Habit Tracking: A Simple Way to Change Your Life
February 2, 2020
The calendar just flipped over into the month of February, and that marks 21 days that I have been tracking specific habits I want to build this year.
The start of a new month is always a good time to consider your habits. Are your habits serving you well? If the behaviors you regularly engage in were continued for the next year, where would they lead? If it’s not a place you want to go, no worries. A gentle course correction is all that’s needed.
I recommend starting small. Small habits are easier to stick to, and don’t overwhelm our capacity for change. In the beginning it can actually be good to intentionally hold yourself back from doing what you think you can handle, and instead build up a pattern of proven success first before launching into harder habits.
In that spirit, I have set myself some simple, relatively easy to follow (for me) habits. They are:
- Eat 3-4 meals a day with no snacking. This is the first habit from Lean Habits, a weight loss approach I am in love with, and have written about before.
- Shower before work. I’m a bit ashamed to admit it, but it can be easy to neglect personal hygiene when working from home.
- Work out in my garage gym three days a week (my current schedule is Monday/Wednesday/Friday).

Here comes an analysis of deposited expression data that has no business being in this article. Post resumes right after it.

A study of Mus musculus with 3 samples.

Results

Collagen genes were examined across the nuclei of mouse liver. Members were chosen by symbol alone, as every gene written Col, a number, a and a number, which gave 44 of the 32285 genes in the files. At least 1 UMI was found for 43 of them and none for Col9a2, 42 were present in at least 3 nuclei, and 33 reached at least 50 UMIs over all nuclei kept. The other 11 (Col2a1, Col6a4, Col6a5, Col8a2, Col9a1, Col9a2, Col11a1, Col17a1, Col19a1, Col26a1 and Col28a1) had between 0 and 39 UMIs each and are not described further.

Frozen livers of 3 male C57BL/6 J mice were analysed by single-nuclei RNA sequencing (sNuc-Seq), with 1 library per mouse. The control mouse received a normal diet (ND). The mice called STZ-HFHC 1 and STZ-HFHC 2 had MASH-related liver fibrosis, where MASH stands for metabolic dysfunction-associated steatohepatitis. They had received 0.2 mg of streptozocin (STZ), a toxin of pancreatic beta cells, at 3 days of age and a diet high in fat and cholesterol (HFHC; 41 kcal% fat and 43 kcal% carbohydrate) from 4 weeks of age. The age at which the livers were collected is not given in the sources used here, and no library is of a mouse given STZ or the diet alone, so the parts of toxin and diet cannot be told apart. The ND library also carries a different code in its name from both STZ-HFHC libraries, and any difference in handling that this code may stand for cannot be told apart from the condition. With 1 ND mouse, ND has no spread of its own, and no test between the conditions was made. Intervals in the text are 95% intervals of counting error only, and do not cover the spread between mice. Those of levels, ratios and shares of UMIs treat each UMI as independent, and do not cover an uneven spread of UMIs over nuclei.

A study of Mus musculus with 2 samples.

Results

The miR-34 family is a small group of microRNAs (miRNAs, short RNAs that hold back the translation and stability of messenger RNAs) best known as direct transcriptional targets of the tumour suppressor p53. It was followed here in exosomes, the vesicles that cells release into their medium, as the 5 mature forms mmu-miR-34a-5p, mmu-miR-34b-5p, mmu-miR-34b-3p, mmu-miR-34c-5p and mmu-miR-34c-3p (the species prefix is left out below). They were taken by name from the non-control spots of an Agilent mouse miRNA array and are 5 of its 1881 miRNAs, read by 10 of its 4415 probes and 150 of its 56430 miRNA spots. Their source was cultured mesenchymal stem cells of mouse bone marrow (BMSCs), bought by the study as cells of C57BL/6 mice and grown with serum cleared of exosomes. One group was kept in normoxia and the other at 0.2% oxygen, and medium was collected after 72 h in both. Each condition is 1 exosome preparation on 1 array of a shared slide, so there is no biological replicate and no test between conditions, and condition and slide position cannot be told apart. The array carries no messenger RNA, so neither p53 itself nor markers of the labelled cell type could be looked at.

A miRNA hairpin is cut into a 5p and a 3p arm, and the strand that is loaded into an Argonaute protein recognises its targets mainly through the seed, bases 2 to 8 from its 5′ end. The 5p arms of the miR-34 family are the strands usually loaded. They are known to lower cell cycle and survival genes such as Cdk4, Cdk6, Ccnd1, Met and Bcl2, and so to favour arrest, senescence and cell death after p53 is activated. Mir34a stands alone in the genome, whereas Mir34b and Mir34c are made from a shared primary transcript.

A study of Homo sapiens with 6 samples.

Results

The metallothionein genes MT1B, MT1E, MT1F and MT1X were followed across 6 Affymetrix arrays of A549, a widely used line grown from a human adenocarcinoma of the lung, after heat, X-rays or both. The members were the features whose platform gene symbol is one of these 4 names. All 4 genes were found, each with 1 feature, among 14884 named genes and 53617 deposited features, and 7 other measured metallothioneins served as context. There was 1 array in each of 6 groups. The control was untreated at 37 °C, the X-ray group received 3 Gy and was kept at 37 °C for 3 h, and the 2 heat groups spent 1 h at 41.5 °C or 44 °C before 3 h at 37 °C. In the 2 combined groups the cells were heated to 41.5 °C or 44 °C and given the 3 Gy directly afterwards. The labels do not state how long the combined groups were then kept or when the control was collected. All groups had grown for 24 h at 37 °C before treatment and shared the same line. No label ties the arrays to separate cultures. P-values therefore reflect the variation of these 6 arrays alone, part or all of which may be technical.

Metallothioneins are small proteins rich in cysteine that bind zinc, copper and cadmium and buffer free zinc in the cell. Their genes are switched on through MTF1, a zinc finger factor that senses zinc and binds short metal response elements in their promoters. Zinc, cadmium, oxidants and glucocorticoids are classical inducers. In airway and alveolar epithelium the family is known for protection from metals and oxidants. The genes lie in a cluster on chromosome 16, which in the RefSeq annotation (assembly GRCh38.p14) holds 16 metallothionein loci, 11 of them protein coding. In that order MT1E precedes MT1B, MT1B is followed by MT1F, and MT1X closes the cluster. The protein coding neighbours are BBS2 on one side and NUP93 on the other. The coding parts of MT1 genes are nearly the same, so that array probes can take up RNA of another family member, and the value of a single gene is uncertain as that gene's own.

- Take a 30-minute walk on the days I don’t strength train. I also count other physical activity, like raking leaves or mowing the lawn.
By themselves, these habits are nice, but the beauty of the system I have set up is that I track these habits daily.
I know, for instance, that in the last 20 days, I was successful with my 3-4 meals habit on 17 days, showered before work on all but one weekday, went on 11 walks, and did 5 strength training workouts.
If I wasn’t tracking these habits, it would be hard to know how I was doing. I would just guess, and call it good. I guess I’m doing OK with 3-4 meals (even though I have no accountability and don’t regularly check in with myself).
For so long I have tried to change habits without tracking, and I think that’s far from the most efficient way to go about it. We all need to be confronted with the reality of how we actually live, not an idealized version of ourselves.
It doesn’t really matter how you track your habits, but one of the simplest ways is just on paper. Print off one of the many habit tracker sheets you can find online, or create your own from a spreadsheet, or just draw your tracker on a sheet of grid paper.
The important thing is to have a daily tracking check-in. You want to ensure that you are having to engage with your stated goals—and your actual behavior—every day.
Every night before bed, I tick off the habits I did that day. If for some reason I wasn’t able to complete one of my habits, I compassionately check in with myself about why that was, and how I could make completing the habit easier tomorrow.
Maybe more planning is required, or maybe my environment (travel, stress) is making the habit harder at the moment. In any case, I’m creating a process whereby I hold myself accountable for what I say I want, vs. what I do.
If I need to change a habit to be smaller, or make it more flexible, I will. Other times I simply recommit and acknowledge that yes, this is important to me. I will find the time to do it tomorrow.
I am finding this habit tracking process transformative, and I think you will too. It’s one of those things that sounds kind of annoying, like you could probably just skip it. I did that for too long. I encourage you to try it and find out for yourself just how powerful it can be.